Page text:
Soybean talk was one of the highlights during the Hettinger Research Extension Center’s 2016 Field Tour on Tuesday, July 12.
By COLE BENZ
Record Editor | firstname.lastname@example.org
Soybean talk was one of the highlights during the Hettinger Research Extension Center’s 2016 Field Tour on Tuesday, July 12. Local Research Agronomist John Rickertsen said that he gave a brief overview of his soybean planting study; he is currently in the second year of the project. Rickertsen research is hoping to show the optimal time to plant soybeans in this region. With the early or late freezes the region has seen in recent years, Rickertsen isn’t sure the crop will become a staple in western North Dakota, but did say that it is possible for producers to yield decent soybean results from year to year.
“You can, some years, have some fairly decent soybeans out here,” Rickertsen said.
Over 40 people attended the event, the group included mostly farmers and ranchers but Rickertsen said there were a few industry representatives from chemical and seed companies.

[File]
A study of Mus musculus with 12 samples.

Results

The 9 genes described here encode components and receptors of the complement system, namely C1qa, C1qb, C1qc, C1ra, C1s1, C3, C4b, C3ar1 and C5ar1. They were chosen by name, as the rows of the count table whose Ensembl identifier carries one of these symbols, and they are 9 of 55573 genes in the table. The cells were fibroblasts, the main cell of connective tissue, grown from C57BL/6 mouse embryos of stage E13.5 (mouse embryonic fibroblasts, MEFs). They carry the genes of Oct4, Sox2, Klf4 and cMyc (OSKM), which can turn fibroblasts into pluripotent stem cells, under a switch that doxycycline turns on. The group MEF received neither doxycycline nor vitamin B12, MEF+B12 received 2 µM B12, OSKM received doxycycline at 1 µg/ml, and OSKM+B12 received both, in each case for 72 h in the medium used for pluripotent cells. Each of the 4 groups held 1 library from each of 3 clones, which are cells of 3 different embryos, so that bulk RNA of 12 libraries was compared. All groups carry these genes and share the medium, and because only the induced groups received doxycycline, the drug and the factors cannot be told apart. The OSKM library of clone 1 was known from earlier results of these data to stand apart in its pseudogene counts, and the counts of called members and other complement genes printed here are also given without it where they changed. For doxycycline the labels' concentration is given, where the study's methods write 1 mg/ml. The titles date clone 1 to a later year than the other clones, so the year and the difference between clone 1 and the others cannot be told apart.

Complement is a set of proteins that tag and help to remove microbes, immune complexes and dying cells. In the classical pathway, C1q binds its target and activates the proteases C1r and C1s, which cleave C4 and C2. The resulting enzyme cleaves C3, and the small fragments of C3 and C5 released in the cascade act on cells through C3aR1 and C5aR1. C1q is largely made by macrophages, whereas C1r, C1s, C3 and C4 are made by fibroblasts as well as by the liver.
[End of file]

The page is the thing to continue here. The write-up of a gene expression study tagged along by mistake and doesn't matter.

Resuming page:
Though he tries to incorporate new topics each year, Rickertsen does cover similar topics from season to season, like small grain variety crops; commodities that are prevalent with producers of the area.
“It’s a little bit of both,” Rickertsen said.
John Nowatzki of Fargo gave a demonstration about spray nozzles for chemical distribution. Nozzles are getting specific to chemicals, according to Rickertsen.
“In fact, herbicide labels are requiring certain nozzles that you use,” Rickertsen said.
Dr. Andrew Friskop gave the crowd an update on some of his work with chemicals in relation to wheat disease management and Dr. Caleb Dalley talked about his most recent weed control research.
The event was followed by a dinner in the Granary at Mirror Lake Park. The meal was sponsored by Southwest Grain, United Grain and the Hettinger Area Chamber of Commerce.